A new study has shown that losses of bees and wild flowers have slowed down or even reversed in recent years. This is great news for all of us who are genuinely concerned about helping pollinators.
Yet this new evidence, published in May, has failed to grab the interest of the press, who still prefer to talk about bees as though they are on the edge of apocalyptic declines, writes NFU horticultural adviser Dr Chris Hartfield.
The international group of bee experts from Europe and the US (including top UK researchers from Reading and Leeds Universities, from Butterfly Conservation and the Natural History Museum) found evidence of dramatic reductions in the diversity of pollinator and wild plant species in Britain, Belgium and the Netherlands between the 1950s and 1980s.
But this concerning situation changed markedly after 1990, with a slowdown in local and national biodiversity losses among bees, hoverflies and wild plants over the last 20 years.
The study shows that:
- In Britain and other European countries the dramatic declines in biodiversity happened between the 1950s and 1980s
- In Britain, declines in bumble bee biodiversity have slowed since 1990, but even more encouragingly the biodiversity of other wild bees (the solitary bees that make up around 90% of our bee species) has increased significantly in recent decades
- Declines in plant species richness in Britain have stopped since 1990, and even shown some partial recovery.
While biodiversity in Britain will continue to bear the marks of past declines for a long time, it is clear that this biodiversity loss has slowed or even been reversed in recent decades for many bees and wildflowers.
Reassuringly the study also shows that we still retain a diverse mix of species, including considerable numbers of specialist and rare insects and plants.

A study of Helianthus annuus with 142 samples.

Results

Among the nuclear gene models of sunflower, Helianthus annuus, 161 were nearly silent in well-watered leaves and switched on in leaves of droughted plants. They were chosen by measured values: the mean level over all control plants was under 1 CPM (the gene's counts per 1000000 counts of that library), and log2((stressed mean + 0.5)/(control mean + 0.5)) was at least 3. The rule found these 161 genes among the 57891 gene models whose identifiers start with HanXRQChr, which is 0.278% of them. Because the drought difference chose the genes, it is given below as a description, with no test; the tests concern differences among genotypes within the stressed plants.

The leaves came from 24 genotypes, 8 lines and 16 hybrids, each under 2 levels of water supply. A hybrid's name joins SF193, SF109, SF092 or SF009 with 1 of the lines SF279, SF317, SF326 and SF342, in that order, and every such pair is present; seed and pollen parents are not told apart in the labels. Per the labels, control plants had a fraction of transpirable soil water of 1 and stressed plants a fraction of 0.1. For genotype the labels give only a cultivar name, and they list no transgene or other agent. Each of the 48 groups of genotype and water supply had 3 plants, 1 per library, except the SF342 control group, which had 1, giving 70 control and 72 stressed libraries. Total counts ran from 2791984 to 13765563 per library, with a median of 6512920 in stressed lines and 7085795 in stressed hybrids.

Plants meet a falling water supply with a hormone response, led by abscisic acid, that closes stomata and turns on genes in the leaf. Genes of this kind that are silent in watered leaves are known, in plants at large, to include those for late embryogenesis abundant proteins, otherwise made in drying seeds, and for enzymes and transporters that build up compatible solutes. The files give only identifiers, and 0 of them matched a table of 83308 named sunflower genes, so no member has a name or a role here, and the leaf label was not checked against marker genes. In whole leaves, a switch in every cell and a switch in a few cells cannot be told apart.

The researchers suggest that the slowing of losses and recoveries have happened since 1990 because of conservation work and the agri-environmental management done by farmers and growers to encourage biodiversity.
This study makes us raise a critical question about what exactly we are trying to achieve when helping our insect pollinators. Beyond the cries of ‘save the bees’, there are no clear collective aims. What exactly is it we want to protect? The common species that are actually doing ok or the rare species that are not doing well? And then what level of action do we want? Do we focus on slowing and halting declines? Or do we want to increase population levels? And if we do – do we want to increase population levels to what they were in 1970? Or to what they were in 1950?
Clearly we live in a very different world now compared to that in the 50s or 70s, a world with very different challenges and problems and in which we have very different demands and expectations as consumers. Hopefully, the government’s review of policy and evidence on pollinators, and the resulting national pollinator strategy, will provide some clear answers about exactly what it is we are all trying to achieve.
There are still pollinating insects whose populations are not faring so well, and there are more opportunities for agri-environmental management to provide the habitat and food resources bees and other pollinators need. But this new research challenges the widespread perception that public investment in conservation has been unsuccessful in tackling biodiversity loss.
Professor Bill Kunin, Professor of Ecology at the University of Leeds, said: “Most observers have been saying that the 1992 Rio Earth Summit targets to slow biodiversity loss by 2010 failed, but what we are seeing is a significant slowing or reversal of the declines for wild plants and their insect pollinators.”
This very good news you would think – a really positive message for conservation, for bees and other pollinators and the wild plants they depend on. We should all encouraged by the fact that here is evidence showing that out there in the real world the declines we are all so desperately concerned about have actually slowed significantly or even reversed in the last couple of decades. Yet this study has been little reported. Maybe it has just slipped under the radar? Maybe it has been ignored because it doesn’t fit the mould for doom and gloom stories about harm to bees?
As well as having a clear and common understanding of what we are all trying to achieve when we say we want to help the bees, this study also makes it crystal clear that whatever action we take to tackle the challenges facing our pollinators, for it to be effective it must be built on a sound understanding of the all the evidence, and not just the slice that attracts the headlines.